Not many people around the world eat “local” at Christmas.
At least nobody does in New Jersey, where I live and farm—and where snow commonly covers the fields at this time of year.
We’re already at work preparing a big dinner for our Christmas celebration: We’ll serve hundreds of raviolis to a gathering of two or three dozen members of our extended family.
For the homemade pasta, we rely on flour, eggs, and salt. We add tomato sauce, meatballs, and sausage. Some years we may include veal, which is more expensive. We’re also stocking up on garlic, parsley, and breadcrumbs.
Almost none of these ingredients are produced in New Jersey in December.
Call it a Christmas miracle: Today, we can go to the grocery store and buy just about anything we want and at any time of year. We enjoy access not just to more amounts of food than ever before, but to more varieties as well.
For my family, that includes everything we need for a large Christmas dinner right now, but also orange juice in January, grapes in February, and strawberries in March. Just the other day, I bought Hawaiian pineapple for just 97 cents.
Young people may assume we’ve always had it this good. But that isn’t true. I believe that’s an obligation for farmers like me: Talking about how our food is grown and where so much of it comes from is an important ingredient of information that is greatly needed so we can recognize how amazing this abundance of food and choice is.
I remember when it was impossible to get certain kinds of food at certain times of year. Today, we can walk into the produce section of a supermarket and see 80 or 90 different choices. A couple of generations ago, that would have felt like a dream.
Now it is often taken for granted.
G.K. Chesterton once warned us about this bad habit: “We are perishing for want to wonder, not for want of wonders,” he wrote.
Christmas is a time to remember the wonders that always surround us and to recognize them as wonderful, even if they’ve also come to seem downright ordinary.
Whether you celebrate Christmas, Hanukkah or even Kwanzaa, there is something about December that inspires people around the world to appreciate wonder and to show gratitude for family and friends as well as the abundance in our lives.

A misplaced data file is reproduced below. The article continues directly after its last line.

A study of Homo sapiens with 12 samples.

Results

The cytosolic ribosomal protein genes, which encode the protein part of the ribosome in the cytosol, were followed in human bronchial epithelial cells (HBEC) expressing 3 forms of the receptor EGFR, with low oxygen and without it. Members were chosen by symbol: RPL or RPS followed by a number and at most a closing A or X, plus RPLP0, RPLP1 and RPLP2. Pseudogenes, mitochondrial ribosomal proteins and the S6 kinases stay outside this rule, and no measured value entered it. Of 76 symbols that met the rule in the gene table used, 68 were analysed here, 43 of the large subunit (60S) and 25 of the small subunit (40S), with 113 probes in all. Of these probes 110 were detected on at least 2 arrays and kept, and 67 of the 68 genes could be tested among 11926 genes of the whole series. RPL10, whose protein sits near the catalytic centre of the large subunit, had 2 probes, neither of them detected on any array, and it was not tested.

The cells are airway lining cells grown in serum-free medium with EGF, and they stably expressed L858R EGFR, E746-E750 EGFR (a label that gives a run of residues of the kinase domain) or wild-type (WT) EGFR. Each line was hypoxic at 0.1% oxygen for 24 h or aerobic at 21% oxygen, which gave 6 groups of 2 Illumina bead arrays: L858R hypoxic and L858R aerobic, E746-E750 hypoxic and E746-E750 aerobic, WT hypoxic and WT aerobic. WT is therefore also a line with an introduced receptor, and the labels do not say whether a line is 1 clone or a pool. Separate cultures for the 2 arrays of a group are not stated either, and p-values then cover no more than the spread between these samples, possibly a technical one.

In New Jersey and across the northern hemisphere, we often call this the “dead of winter,” a phrase so familiar that it has become a cliché. But consider its real meaning: It calls attention to a moment when everything is dead and nothing grows.
Crops die. Birds migrate. Mammals hibernate.
Yet we eat heartily.
At invocations, we often express thanks for our food and for the hands that made it. I’d like to add one more thing, often overlooked during these recitations: thank you for the trade that helped get it to our table.
Trade has helped us conquer distance—and liberated us from the dire necessity of eating local, when our localities can’t supply us with enough nourishment.
Without the ability to exchange goods and services within the United States as well as across international borders, many of the pleasures we’ve come to expect at Christmas wouldn’t be possible. The presents are another obvious benefit, as free trade lowers consumer prices and makes gift giving more affordable for everybody.
But I’m a farmer, and so my thoughts tend to turn to food. When you sit down to your holiday dinner, look at what’s on your plate. Could it have come from your garden or the local farmers market? It couldn’t have come from mine, which is now barren and won’t produce anything until well into 2018.
The things that will make up my Christmas dinner had to travel a long way to get to New Jersey. Farmers and ranchers I’ll never meet had to grow it and truckers I’ll never know had to drive it here—but all of us are exchanging goods and services in a successful system of trade that will make this holiday season as wonderful as ever.